I love government spin. It’s fun:
New Brunswick had its debt rating cut by one level to Aa2 by Moody’s Investors Service Ltd. because the Canadian province will record a “sizable” increase in its borrowing over four years, the rating company said.
The downgrade will affect about C$11.2 billion ($10.4 billion) of the province’s debt, Moody’s said in a statement today. The rating company also said the province’s rating outlook is stable.
The province’s financing requirements will rise to C$1.2 billion in the 2010 fiscal year and C$1.4 billion in 2011, Moody’s said. This will increase its debt-to-revenue ratio to 150 percent after a four-year fiscal plan is implemented, compared with 106 percent in 2009. The province, home to about 747,000 residents, will record deficits equivalent to 10 percent of its revenue over the next four years.
The credit downgrade was the first action by Moody’s since it boosted New Brunswick’s grade to the second-highest rating of Aa1 in November 2006, up two levels from the previous Aa3.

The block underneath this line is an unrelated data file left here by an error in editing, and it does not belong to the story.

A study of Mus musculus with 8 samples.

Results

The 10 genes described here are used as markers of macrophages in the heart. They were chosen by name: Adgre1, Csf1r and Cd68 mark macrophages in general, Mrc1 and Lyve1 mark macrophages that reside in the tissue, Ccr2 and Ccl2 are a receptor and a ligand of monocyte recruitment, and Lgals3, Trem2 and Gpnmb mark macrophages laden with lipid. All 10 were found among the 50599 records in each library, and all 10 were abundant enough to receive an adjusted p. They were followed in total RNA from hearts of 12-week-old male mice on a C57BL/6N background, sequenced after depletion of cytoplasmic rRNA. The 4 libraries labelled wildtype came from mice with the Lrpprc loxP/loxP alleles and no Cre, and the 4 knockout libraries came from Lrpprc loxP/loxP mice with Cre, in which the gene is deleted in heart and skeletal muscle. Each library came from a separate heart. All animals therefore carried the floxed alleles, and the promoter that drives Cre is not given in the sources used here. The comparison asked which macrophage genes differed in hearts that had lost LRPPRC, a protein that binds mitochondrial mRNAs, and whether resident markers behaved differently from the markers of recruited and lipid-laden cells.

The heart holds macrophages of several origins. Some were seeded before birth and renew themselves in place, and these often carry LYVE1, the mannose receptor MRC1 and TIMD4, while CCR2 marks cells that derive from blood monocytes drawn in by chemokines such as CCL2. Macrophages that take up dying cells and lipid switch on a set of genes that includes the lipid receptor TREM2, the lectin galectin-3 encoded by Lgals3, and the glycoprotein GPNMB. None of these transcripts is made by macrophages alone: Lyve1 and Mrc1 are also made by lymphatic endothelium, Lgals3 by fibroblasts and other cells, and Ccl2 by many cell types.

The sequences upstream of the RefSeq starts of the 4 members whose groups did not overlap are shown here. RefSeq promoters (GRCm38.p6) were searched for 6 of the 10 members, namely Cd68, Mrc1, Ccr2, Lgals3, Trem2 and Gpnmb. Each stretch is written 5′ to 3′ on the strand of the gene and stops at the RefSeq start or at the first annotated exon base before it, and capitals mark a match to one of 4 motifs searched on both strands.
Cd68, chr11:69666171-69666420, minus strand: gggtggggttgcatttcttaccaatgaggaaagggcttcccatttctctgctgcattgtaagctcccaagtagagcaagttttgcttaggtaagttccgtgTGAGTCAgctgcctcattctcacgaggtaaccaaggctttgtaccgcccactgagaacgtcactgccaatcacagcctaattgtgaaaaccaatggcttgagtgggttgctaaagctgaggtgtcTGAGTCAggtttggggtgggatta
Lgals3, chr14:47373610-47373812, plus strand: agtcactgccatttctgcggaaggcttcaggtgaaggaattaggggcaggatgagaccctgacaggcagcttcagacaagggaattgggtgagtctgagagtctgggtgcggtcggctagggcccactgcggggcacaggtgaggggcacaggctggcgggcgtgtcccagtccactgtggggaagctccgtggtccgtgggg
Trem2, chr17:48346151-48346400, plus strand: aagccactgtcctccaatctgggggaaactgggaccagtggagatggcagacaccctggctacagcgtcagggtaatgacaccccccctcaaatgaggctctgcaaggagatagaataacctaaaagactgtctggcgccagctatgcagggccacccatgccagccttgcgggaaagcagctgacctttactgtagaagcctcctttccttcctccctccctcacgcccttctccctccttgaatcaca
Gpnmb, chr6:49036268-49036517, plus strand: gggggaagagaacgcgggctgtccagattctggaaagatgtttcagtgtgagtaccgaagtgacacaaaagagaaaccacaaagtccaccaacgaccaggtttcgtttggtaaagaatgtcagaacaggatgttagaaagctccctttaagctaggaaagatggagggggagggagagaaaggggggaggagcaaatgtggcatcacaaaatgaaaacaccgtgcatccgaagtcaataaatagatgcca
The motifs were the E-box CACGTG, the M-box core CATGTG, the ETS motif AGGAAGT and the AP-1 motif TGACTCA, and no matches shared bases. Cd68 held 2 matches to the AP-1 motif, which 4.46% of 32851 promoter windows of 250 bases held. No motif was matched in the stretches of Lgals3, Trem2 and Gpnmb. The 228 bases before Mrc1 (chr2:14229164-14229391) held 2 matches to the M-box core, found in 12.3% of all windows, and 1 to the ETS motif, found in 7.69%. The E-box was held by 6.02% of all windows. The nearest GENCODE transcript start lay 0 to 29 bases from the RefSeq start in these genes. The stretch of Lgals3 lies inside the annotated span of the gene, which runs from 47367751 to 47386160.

New Brunswick maintains its leadership spot in having the highest overall credit rating of any province east of Ontario, despite a Moody’s Investors Service revised credit rating from Aa1 to Aa2 issued on Monday, Aug. 24, acting Finance Minister Jack Keir said today. The province’s rating has a stable outlook, according to Moody’s. Both Dominion Bond Rating Service and Standard & Poor’s recently maintained the province’s ratings at A (high) and AA-, respectively, with stable outlooks from both.
So which one is it? A ballooning of the debt-to-revenue ratio up 43 percentage points over four years, 10% deficit to revenue ratio and a debt rating cut (the first since 2006) or a prudent, leadership spot?
I guess we shall see how the media spins this one tonight and tomorrow.